King St. heritage home to open as B&B

Ken Wright and Faith Hale, new homeowners of a designated heritage house on King Street in Chatham received a gift basket from the Municipal Heritage Committee recently.

Newcomers to Chatham-Kent, Faith Hale and Ken Wright, were not looking for a historic or designated property, however, they were drawn to “Bleak House” and have become the owners and caretakers of this piece of history.

“The home called us, and it is our desire to share this magnificent home and its rich history with the community,” the couple said in a media release.

Bleak House was built in 1887 by Herbert Albert Patterson, a lumber dealer.  Patterson was also mayor from 1886 to 1889.

Bleak House, located on the riverside of King Street in Chatham, was given its name after Patterson filed for bankruptcy. The name, “Bleak House” references the novel of the same name written by Charles Dickens.

Hale and Wright operate an Air B & B within their home with two rooms available for accommodations. These rooms are named after characters from the novel; “Summerson” Suite and “Lady Honoria “ Room.

Their home was built with stone and is a rare surviving example of American Shingle Style in Southwestern Ontario.

It also features a porte cochere that is a covered porch-like structure at the side of the home that would have been designed to allow passengers in a horse drawn carriage to enter or exit the home without being exposed to the elements.

The property also has a 1500-square-foot carriage house that the homeowners would like to develop as living space.

Since purchasing this designated heritage property in March, the couple lost no time in making this house their home, with renovations to the kitchen and bathroom as well as general maintenance.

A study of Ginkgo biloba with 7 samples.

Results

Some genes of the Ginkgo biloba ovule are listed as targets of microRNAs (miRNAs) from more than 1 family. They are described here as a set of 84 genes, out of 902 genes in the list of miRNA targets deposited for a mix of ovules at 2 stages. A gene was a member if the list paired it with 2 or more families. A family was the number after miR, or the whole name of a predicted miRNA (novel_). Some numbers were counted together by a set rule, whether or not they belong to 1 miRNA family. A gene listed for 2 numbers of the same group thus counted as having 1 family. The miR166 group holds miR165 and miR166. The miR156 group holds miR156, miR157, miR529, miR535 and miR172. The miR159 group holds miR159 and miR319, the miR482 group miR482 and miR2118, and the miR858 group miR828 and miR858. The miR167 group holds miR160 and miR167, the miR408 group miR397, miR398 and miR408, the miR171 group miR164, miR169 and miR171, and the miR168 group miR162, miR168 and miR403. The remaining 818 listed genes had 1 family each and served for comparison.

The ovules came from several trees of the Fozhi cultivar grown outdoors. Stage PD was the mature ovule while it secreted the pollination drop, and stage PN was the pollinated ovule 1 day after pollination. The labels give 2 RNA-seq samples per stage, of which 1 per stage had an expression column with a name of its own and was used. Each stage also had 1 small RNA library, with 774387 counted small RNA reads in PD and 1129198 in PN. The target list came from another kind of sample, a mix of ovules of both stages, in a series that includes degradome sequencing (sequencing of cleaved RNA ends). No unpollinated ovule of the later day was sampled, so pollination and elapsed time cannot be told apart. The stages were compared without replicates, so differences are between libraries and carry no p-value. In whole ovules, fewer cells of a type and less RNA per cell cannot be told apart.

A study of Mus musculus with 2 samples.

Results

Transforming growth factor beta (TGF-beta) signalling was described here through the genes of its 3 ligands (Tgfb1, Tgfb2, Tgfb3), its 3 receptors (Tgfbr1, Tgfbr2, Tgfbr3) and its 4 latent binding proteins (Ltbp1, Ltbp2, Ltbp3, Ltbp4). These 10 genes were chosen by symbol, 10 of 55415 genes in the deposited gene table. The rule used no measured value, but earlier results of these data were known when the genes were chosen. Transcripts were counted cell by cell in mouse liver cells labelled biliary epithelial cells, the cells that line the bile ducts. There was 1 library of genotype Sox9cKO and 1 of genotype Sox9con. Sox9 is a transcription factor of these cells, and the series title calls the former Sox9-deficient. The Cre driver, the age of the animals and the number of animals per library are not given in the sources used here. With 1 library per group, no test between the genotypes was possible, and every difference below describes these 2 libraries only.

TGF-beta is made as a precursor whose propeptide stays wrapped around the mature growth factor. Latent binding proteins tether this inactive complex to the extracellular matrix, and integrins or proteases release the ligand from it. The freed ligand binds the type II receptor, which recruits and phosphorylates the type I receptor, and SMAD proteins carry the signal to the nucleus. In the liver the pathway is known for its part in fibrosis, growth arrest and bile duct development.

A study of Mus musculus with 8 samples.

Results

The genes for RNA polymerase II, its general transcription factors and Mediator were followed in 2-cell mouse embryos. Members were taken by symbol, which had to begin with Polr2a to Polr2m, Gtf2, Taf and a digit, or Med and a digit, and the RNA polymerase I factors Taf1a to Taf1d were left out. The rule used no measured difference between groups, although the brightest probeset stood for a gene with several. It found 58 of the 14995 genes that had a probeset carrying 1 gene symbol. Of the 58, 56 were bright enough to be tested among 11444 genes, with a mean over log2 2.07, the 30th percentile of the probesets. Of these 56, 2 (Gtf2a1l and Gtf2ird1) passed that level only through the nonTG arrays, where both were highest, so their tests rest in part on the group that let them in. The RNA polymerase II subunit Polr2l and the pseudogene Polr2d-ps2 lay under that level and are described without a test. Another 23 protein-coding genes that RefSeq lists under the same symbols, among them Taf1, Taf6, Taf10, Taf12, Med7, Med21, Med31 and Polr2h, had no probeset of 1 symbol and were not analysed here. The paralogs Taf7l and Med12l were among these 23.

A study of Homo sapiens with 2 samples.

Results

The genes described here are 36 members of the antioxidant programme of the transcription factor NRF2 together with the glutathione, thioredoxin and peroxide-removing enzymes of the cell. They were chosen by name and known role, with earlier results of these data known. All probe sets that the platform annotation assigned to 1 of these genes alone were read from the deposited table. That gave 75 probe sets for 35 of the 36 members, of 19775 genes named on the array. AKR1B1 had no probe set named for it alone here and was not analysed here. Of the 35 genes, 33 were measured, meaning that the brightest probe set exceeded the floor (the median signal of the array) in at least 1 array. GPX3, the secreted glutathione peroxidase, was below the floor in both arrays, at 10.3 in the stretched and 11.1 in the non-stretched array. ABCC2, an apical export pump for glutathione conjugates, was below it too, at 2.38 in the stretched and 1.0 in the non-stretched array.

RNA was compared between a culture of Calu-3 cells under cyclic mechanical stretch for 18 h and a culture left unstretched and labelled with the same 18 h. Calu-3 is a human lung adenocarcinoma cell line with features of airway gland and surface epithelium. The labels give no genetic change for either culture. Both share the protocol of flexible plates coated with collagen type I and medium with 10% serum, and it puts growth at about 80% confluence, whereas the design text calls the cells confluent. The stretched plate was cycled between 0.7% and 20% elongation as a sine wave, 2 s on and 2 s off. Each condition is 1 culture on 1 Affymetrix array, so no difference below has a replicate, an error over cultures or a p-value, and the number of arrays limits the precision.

Hale and Wright were eager to share their appreciation of their home with some members of the Municipal Heritage Committee, who recently presented them with a welcome gift basket containing information about owning a designated property as well as an introduction to some of the highlights and amenities of living in Chatham-Kent.

“This home was built to last and at 132 years of age, it is in remarkable condition,” noted Hale.

“Bleak House” doesn’t look all that bleak.

Not only was the house solidly constructed but it was also embellished with quality details and finishes.  Such features as art nouveau stained glass windows, embossed door hinges, exterior balconies, interior fretwork, panelled walls and wainscoting, pocket doors and an elevator are just a few of the highlights that this home has to offer.

Very early wallpaper was retained in the entrance foyer where sections of this wallpaper were damaged and the patterns were no longer visible.  The couple hired a Windsor artist to create a stencil from the remaining imagery and repaint the missing sections. .

There is even a smoking alcove adjacent to the dining room with built-in bench seating. During the late 1800s, it was often a practice for gentlemen to retire to a room in the house for cigar and pipe smoking.

Hale and Wright are enjoying their time in Chatham and describe their neighbourhood as wonderful. They have appreciated how friendly and helpful the neighbours have been, providing them with recommendations for tradespeople, for example.

“The neighbourhood is filled with loving people who have been outreaching and welcoming,” they said.

It is the homeowner’s desire to support the community in sharing the experience of this exceptional home with others through their Air B & B.

“It is an honour to restore this historic home, which forms a rich part of Chatham’s history,” the couple said.